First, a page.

A Week In Limoux France

A Week In Limoux France


We're kicking off our 2017 racing campaign this year in Europe. Ever thoughtful director, Mary Zider, started off the week with a week in Limoux, France, so that we could get in some great training in super weather, adjust to the time zone, and prepare for racing. Chris Georgas generously hosted us in one of his apartments and has shown us some of the most beautiful routes I’ve ever been on on a bike and shared his precious town of Limoux with us.

Quaint town of Limoux. This bridge goes over a river that bisects the village of ~5000 people.

Our first full day, Chris took us on an afternoon spin around the area. There are vineyards everywhere! The area is a huge wine region and also home to the birthplace of sparkling wine(!). Photo 2: tour guide Chris pointed out the Bugarsch Mountain which is full of legends and is known for mystical tales dating back to the days of the Knights Templar. Note the vineyards in the background.

Dinner out that evening meant I got my first experience trying cassoulet, a stew of white beans, duck, and sausage. It was incredibly simple, rich, and full of flavor. I have never had anything like it! We did also get to try the famous sparkling wine, Blanquette de Limoux.

Friday was the weekly farmer’s market which twisted through old market buildings…everything from whole rabbits to dried fruits to purple artichokes. I love the simplicity of the foods here. Less processed is so much better for you! Photo 3 shows a small portion of the goods.

We continued our morning with a really gorgeous 3 hour ride. The climbs here are generally nice and gradual and the descents are sweeping, fast, and fun.

Saturday was another incredible ride. I can’t get over how great the riding is in views, quality of roads, and terrain.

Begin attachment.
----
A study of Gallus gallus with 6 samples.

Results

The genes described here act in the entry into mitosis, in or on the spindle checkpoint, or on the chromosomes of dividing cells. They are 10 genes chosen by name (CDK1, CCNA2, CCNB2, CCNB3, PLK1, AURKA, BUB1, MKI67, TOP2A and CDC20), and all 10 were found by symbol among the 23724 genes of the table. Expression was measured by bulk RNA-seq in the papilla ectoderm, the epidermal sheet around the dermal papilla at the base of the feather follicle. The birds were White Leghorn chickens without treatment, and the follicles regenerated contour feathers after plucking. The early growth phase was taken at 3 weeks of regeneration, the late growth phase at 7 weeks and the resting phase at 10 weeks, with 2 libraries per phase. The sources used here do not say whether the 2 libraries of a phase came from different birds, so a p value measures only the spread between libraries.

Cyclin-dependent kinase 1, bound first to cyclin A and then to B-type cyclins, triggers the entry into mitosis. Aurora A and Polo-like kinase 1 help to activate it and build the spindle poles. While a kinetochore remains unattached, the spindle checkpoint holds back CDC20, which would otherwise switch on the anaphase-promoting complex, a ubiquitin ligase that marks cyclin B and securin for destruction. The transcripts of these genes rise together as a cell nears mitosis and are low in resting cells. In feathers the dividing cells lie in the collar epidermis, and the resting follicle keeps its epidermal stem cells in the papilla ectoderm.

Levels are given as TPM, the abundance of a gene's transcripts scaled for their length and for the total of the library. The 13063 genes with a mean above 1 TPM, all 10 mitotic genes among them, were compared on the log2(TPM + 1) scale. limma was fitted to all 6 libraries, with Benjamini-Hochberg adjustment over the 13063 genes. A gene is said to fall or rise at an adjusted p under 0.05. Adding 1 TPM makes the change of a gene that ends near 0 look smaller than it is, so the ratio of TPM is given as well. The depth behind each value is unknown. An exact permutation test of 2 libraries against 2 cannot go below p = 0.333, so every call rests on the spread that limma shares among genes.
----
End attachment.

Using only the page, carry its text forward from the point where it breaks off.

We so happen to be here during Carnival, which is every weekend, three times a day for 10 weeks. The festival dates back to 1604 and is conducted in Occitan, the original language of the area.

There is music, customs, and an elaborate performance each time and each performance is different. The white you see in Photo 4 is paper confetti, representing the flour used in original celebrations.

I definitely got put in a headlock while one of the performers rubbed a big handful of confetti into my hair! Worth it.

Sunday we did maybe the most scenic ride I've ever done on a bike, complete with a passing herd of sheep (Photo 5).

After we climbed for just about an hour and a half, we flew down an epic descent into a tiny village where Chris and Ande joined us. With the mountains, the scenery here changes in a moment, forming many microclimates, and unsurprisingly allows for a wide range of wines to be produced in these regions.

It was a huge surprise to then stumble upon the Gorges de Galamus, an incredible deep canyon with a very narrow road chiseled into the side of the mountain. It was by far the craziest road I've been on. Religious hermits lived in this area in a small center from the 12th century to 1870. While the photos can never quite do it justice, it was an incredible experience.

We then kept on and journeyed through to technically ride in the Pyrenees. We'll check that one off the bucket list!

I'm a huge nerd, so I've really enjoyed getting to learn a bit about the area we've been in and the history. For my first time in France, minus a couple days in Nice as a kid, it’s been such a good introduction. We're enjoying a final quiet day in Limoux before heading to Oudenaarde, Belgium tomorrow.